Bad Laws Create Racism…True or False?
By Garry L. Jones|
On July 16, 2003 I retired from the Department of Justice at the Federal Correctional Institution Tallahassee Florida as a Lieutenant. After retiring I created an organization called advocate4justice. The main focus of the organization was to expose the injustices in our criminal justice system. My travels included speaking at the Congressional Black Caucus Conference, Churches, Schools, Protesting in front of the White House, and going to Capitol Hill having a dialog with Congress about the bias laws that they put in place that are affecting minorities in a negative way. How ironic, things have gotten worse and ten years later we have a stand your ground law that is giving people a license to kill. Currently, my organization acts in the capacity of disseminating information that will help the public.
I have been on this journey all of my life but didn’t know this is what God had planned for me. The country is in an uproar about an unarmed teenager Trayvon Martin being gunned down by George Zimmerman. When you walked the grassroots journey I have been walking, don’t expect accolades because if you do you will be disappointed. When you are an activist you have to do things that you have a passion for and my passion is justice for everyone.
We as Americans, can use Trayvon’s killing as a platform to address a myriad of issues that are plaguing this country such as gun laws, black on black crimes, a weak economy, overcrowded prison system, children starving and now Stand Your Ground Law. Do we need the Stand Your Ground Law or do we need to apply it different? Let us not forget blacks are being jailed five times more than whites for crimes such as mandatory minimum sentencing especially when it comes to crack cocaine versus powder cocaine. The United States have 2.5 million people incarcerated mostly non-violent offenses. We should be just as passionate addressing black on black crime as we are with the Travon Martin movement.
When I flew from Atlanta, Georgia to Orlando, Florida on June 11th; my goal was to protest silently outside of Sanford’s Seminole County Courthouse and attend the Zimmerman trial until it was over with. I started outside the court room with my advocate4justice sign and staged a silent protest in support of Trayvon’s family.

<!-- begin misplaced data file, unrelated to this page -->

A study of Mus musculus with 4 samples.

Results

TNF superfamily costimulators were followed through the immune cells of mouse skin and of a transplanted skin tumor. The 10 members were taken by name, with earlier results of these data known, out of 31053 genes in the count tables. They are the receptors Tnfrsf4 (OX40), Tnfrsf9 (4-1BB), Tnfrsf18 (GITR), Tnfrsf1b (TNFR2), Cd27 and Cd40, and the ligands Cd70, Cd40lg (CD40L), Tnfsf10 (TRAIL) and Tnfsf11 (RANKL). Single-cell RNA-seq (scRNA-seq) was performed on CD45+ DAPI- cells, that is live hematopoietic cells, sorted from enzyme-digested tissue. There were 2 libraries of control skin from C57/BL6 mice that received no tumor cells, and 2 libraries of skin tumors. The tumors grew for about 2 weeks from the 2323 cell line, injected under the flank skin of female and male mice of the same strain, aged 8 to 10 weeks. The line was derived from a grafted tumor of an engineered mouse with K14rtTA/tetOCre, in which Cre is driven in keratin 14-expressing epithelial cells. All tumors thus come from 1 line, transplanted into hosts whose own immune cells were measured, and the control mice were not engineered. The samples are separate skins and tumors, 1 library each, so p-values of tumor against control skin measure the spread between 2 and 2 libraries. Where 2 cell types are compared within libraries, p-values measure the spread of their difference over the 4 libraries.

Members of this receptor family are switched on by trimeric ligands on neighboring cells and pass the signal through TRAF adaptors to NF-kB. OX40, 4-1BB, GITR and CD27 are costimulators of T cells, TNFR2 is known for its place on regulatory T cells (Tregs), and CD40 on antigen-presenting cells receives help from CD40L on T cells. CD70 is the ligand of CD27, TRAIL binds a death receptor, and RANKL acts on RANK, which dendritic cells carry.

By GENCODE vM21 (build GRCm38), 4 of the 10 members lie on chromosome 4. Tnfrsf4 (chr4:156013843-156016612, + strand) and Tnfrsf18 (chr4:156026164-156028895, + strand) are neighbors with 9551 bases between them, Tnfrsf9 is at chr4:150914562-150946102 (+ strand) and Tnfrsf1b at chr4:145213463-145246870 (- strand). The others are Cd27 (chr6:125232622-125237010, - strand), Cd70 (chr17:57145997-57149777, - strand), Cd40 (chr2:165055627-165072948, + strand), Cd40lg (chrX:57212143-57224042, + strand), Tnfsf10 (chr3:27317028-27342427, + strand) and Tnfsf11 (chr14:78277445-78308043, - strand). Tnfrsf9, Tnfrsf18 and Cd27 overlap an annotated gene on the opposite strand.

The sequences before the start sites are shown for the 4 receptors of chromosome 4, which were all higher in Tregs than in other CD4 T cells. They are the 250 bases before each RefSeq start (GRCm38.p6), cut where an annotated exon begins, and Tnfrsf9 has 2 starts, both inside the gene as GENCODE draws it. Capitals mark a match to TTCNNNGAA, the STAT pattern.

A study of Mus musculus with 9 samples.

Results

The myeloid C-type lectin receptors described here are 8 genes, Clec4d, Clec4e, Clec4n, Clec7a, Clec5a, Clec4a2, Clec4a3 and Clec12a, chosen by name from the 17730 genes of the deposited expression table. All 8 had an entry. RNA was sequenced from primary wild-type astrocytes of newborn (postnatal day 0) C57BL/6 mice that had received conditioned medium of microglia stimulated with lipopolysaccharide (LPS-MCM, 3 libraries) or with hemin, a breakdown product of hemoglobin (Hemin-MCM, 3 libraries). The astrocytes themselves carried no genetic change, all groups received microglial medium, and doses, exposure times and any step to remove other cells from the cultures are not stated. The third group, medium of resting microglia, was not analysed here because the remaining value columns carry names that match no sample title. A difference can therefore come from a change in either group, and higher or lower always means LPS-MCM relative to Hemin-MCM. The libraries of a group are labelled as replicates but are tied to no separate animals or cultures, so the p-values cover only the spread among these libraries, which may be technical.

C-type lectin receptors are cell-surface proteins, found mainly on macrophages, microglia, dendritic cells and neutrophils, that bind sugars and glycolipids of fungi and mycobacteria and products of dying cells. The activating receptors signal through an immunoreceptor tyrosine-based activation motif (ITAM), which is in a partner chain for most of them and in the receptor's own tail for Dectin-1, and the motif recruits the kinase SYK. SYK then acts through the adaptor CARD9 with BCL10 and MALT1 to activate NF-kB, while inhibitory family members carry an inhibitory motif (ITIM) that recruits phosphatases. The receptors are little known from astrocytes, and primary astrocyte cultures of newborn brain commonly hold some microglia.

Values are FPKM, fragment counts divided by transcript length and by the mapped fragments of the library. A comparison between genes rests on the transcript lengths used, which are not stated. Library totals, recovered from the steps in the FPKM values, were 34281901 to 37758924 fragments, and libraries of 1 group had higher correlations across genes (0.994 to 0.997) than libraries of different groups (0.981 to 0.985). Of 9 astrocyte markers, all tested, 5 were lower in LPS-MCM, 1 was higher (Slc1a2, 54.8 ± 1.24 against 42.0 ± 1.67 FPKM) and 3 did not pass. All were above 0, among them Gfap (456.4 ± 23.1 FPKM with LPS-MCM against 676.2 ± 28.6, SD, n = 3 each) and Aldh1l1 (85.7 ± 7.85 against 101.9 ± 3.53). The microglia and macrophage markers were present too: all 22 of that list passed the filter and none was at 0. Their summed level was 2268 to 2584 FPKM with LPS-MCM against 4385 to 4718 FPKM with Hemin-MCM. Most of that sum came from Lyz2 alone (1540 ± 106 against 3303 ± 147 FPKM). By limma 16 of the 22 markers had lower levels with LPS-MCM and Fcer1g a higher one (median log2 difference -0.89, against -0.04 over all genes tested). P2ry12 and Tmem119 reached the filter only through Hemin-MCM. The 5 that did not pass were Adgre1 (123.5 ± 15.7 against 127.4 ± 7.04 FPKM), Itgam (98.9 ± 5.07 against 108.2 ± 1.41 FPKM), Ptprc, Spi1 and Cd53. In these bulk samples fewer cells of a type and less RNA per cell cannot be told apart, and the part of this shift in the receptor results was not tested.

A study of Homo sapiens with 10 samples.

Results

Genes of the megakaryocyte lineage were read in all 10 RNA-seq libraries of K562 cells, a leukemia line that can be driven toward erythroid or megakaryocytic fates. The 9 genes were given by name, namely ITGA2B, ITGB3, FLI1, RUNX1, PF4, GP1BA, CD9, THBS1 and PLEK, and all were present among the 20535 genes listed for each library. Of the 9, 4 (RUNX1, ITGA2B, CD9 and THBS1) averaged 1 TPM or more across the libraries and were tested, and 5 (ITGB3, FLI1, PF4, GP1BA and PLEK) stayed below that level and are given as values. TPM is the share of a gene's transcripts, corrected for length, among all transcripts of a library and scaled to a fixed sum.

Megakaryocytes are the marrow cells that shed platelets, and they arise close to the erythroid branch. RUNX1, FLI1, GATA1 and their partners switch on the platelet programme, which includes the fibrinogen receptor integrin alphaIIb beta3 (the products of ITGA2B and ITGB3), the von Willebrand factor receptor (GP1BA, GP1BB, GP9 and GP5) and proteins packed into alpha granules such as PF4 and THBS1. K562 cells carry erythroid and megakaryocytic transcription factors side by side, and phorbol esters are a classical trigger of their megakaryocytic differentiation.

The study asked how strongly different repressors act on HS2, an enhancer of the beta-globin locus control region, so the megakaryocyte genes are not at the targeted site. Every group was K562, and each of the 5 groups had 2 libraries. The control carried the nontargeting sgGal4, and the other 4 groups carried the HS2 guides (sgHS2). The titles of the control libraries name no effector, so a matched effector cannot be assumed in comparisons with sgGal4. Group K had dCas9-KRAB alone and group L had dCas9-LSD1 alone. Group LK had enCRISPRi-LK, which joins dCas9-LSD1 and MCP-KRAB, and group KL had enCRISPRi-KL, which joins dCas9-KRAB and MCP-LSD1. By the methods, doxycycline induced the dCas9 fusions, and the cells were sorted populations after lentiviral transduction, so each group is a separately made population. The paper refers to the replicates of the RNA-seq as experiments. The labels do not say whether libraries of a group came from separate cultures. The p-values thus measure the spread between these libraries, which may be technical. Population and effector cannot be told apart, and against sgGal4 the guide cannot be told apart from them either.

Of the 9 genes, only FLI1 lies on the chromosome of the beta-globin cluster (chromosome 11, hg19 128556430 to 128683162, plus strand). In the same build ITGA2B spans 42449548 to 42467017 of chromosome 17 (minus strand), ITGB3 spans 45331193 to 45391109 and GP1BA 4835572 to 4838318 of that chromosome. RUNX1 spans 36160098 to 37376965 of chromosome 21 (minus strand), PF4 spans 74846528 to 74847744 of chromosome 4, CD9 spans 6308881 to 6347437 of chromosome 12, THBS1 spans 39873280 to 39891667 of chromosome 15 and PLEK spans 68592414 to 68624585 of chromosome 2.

For the first three weeks I was the only one outside of the courtroom. I was told by Sanford law enforcements I had to take the stakes off of my signs. Two days later I was told by Sanford Law Enforcement I would have to leave my chair at the house. I was eating lunch one day in the staging area and one Law Enforcement personnel asked in a condescending way if I needed a fan, but this did not discourage me to give up and leave.
The temperature was very hot and there were times I wanted to leave but I thought about how hot it was when my ancestors were in slavery and how they endured the heat; I am no better than them to be complaining. I was approached by the media several times asking if I felt bad about being the only one outside of the courthouse protesting; I said no, the public hasn’t forgotten about Trayvon. Most people wanted who to come but they had to go to their place of employment where they could pay their bills. While the case was going on, I was able to go in the courtroom twice when I signed up for the lotto and my name was called.
Even though I was very hurt with the decision, it didn’t come as a surprise because of what I’d seen in the courtroom. When the defense had their witnesses on the stand, I noticed that the jury wrote notes, but were nonchalant when the prosecution put their witnesses up. That was the moment I knew George Zimmerman was going to get a not guilty verdict. I said to myself, ‘the jury’s minds are made up and they’re going through the formalities.’ I also heard something in the courtroom that truly stuck with me the thing that stood out to me the most is when the defense asked Trayvon’s mother if she thought her son was responsible for his own death.
The not guilty verdict sparked a nationwide protest. It wasn’t just African Americans protesting, this protest included Whites, Hispanics, Indians, and Asian. Most of the protests have been peaceful even though you had provocateurs in the march; people are overlooking them and keeping focus on the bigger picture. If you can’t be non-violent don’t get in it. Some parents I talked with are protesting for their children and love ones gunned down and nothing has been done about it, not because law enforcement didn’t know who did it, it is because some law enforcement agencies just didn’t care. This has happened in the past, now the present, and hopefully it will stop in the future.
I have always said bad laws and the criminal justice system creates racism. When only a certain race of groups are treated fair and others are not, this causes the people who are treated unfair to mistreat the other people who are treated fair and most of the time racism is born.